I was happy to read that the NBA stated that LeBron should have been assessed a T for hanging on the rim far longer than was needed to escape injury. It was clearly a taunt. As for the last non-call, that was crucial. Jefferson's foot struck KD's ankle, which caused him to fall. If KD had been able to get a shot off, the result of the game could have been different since he's been know to make long last second game-winning-shots before. Tyron Lue has a point; games should not be decided on the free throw line. However, in some cases, it has to be. Nature of the game, nature of competitive behavior. Jefferson would have been remiss had he not played as tough as he did against Durant, but tough is a risk you take as a defender.
The Warriors didn't lose the game because of the two non-calls. They blew a lead they should have been able to maintain. End of story, but not the end of the book. The final chapter in the plot between the Cavs and Dubs will be read come NBA Finals. That is unless the Toronto Raptors don't defeat the Cavs in the Eastern Conference playoffs.
Generally, however, the NBA refs get it right. There's not a game harder to call than the lightening quick pro game of basketball. Compared to the NBA, refereeing in the NFL should be a great deal easier. But it doesn't seem to be.
Some of the calls, NFL refs have made and not made this season are downright mystifying. Since I don't know a lot about the nuances of football, I'll let someone better in the know to suggest where the NFL refs need to improve. As an amateur observer, I'll only speak to two less complicated issues.
One: NFL referees should be made full time paid employees of the NFL with benefits that includes a clause which allows NFL administrators to review each refs yearly performance. Poor performances could lead to dismissal.
Two: Considering the more significant ref problems, what is the deal over players celebrating? Why is this stoking so much fire. As far as I can tell, most of it is showmanship and, for the most part, fun, performed usually by running backs and receivers. Occasionally, a defensive back or linebacker, after making a significant tackle or QB hit, will engage in a bit of chest beating. So what????
The NFL is not college where such antics would be and should be considered unsportsmen-like. It's the NFL, dude, and part of the world of entertainment. The solution is so easy, it's hardly worth mentioning. But I will anyway. A quick cha-cha, that's cool; you dance the waltz around the goal posts, you get a T, and a fine. And the fine has to be significant. Hit players in their pocketbooks, and you'll see all the over-the-top can-can end pronto.
In small doses, however, let the celebrations continue. Most of them are amusing. And heartfelt as in the case of Ezekiel Elliot who, after scoring, leaped into the Salvation Army tub and peeked out over the top to a cheering stadium. I'll bet donations to the Salvation Army increased.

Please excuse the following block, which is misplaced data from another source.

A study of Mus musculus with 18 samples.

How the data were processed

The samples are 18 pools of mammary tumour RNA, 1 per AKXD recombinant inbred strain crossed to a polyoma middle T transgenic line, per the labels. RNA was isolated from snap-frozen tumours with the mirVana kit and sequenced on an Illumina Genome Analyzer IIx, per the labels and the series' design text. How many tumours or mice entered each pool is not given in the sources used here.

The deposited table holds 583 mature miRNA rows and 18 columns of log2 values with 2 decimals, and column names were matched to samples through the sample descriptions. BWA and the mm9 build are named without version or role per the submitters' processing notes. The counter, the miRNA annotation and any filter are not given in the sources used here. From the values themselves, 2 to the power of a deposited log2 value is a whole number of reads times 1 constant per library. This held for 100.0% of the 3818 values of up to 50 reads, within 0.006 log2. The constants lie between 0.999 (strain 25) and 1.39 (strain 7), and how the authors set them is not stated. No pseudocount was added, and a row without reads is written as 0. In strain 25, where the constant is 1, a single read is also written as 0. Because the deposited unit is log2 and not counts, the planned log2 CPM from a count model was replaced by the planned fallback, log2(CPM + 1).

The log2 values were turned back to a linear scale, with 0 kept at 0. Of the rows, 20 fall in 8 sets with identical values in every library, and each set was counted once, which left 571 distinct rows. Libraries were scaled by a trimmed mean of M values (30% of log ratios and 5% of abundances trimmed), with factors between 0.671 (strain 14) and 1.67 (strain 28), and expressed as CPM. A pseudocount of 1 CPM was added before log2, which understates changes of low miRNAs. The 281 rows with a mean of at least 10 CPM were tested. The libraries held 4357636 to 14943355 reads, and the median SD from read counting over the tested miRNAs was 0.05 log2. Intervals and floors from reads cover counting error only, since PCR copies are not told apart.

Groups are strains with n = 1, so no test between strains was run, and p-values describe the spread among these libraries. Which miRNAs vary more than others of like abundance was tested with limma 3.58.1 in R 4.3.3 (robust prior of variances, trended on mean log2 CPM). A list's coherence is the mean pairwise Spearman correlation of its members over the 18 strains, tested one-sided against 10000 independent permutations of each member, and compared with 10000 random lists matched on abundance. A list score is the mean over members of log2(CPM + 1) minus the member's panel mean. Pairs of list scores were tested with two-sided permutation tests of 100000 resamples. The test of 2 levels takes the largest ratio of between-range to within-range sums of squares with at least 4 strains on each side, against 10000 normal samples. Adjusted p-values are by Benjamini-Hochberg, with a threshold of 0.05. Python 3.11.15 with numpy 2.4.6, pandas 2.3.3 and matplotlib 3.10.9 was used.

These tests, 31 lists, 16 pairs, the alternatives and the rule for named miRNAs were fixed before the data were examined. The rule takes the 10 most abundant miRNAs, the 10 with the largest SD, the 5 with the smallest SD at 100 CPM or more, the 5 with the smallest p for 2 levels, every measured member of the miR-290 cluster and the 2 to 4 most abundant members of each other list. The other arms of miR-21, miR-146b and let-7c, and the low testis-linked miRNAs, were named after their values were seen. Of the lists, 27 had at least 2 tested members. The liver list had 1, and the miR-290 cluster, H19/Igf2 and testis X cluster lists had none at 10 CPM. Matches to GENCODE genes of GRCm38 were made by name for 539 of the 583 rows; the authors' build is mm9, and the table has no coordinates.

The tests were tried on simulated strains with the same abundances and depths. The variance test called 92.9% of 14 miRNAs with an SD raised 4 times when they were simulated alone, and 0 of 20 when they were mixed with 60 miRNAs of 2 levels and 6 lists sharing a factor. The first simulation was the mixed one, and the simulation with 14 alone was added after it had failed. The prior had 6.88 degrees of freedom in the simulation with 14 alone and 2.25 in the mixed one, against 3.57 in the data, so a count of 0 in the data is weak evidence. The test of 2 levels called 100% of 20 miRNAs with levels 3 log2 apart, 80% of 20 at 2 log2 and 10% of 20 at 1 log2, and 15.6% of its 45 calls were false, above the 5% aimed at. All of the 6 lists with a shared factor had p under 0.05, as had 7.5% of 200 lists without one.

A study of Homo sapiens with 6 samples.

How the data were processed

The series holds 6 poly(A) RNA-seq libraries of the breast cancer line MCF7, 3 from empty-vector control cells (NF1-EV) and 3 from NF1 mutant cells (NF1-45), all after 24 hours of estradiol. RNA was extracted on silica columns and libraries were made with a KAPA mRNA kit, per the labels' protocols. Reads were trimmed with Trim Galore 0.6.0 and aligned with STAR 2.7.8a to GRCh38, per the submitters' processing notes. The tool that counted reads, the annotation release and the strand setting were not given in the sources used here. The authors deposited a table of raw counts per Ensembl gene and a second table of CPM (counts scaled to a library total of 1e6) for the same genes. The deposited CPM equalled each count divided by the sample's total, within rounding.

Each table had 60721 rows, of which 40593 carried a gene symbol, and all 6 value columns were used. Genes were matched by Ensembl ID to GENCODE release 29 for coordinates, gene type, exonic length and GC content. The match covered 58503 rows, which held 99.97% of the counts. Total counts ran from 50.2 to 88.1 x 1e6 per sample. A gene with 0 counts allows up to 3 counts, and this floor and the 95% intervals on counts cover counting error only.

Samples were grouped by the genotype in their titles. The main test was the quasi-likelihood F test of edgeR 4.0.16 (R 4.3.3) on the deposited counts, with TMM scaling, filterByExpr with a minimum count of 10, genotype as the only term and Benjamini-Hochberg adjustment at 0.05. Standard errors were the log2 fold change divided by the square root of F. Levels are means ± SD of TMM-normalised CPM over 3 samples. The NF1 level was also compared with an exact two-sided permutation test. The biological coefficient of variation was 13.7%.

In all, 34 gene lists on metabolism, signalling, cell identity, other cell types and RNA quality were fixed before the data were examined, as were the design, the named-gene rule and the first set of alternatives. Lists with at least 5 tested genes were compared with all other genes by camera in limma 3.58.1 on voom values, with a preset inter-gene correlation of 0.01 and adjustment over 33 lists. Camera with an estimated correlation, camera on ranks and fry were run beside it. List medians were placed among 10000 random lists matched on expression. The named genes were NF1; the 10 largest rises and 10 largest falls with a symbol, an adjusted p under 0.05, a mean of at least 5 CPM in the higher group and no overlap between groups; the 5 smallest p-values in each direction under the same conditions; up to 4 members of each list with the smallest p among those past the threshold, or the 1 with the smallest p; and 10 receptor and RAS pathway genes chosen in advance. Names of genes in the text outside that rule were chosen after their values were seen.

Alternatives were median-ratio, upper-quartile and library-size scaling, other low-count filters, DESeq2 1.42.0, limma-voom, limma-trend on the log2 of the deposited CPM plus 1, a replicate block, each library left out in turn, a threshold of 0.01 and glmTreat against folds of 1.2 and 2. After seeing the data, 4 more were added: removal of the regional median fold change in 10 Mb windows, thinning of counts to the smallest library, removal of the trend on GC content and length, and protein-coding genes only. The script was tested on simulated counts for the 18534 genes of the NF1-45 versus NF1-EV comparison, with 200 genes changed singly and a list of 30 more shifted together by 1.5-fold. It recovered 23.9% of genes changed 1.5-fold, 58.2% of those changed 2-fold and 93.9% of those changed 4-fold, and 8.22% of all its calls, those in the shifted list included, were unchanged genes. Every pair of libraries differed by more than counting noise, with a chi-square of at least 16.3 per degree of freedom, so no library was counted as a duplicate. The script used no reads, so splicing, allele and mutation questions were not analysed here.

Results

Another possibility is to assess points for the most inventive celebrations and at the end of the season hold an Academy Awards Ceremony for the top-ten best performances. Only kidding.
I probably should have found a football poem, but couldn't resist this bowling poem. I'm pretty sure I've never offered a poem about bowling before, so the sport is overdue.
Hook by Floyd Skloot
My father limps on the leg that healed short.
His twice-broken right wrist, too weak to hold
a bowling ball palm up, is why he spins
a hook he cannot control. The ball rolls
slowly, as if limping while it wanders
from one gutter to the other and back.
We stand dead last in the Father and Son
League, not helped by my rocketing straight shots
that knock down nothing as often as they
knock down everything. he watches, giving
no advice. At thirteen, knowing there is
nothing for me to say either. I wait
for the ball's return so I can heft it
again and aim down the gleaming alley.
What my musings are all about...
Blogging might well be the 21st century's form of journaling. As a writing teacher, I have always advised my students to keep a daily journal as a way of organizing their thoughts for future writing projects, a discipline I have unfortunately never consistently practiced myself. By blogging, I might finally be able to follow my own good advice.
The difference between journaling and blogging is that the blogger opens his or her writing to the public, something journal- writers are usually reluctant to do. I am not so reticent.
The trick for me will be to avoid cluttering the internet with more blather, something none of us need more of. If I stick to subjects I know: sports and literature, I believe I can avoid that pitfall. I can't promise that I'll not stray from time to time to comment on ancillary subjects, but I will make every attempt to be interesting and perhaps even insightful.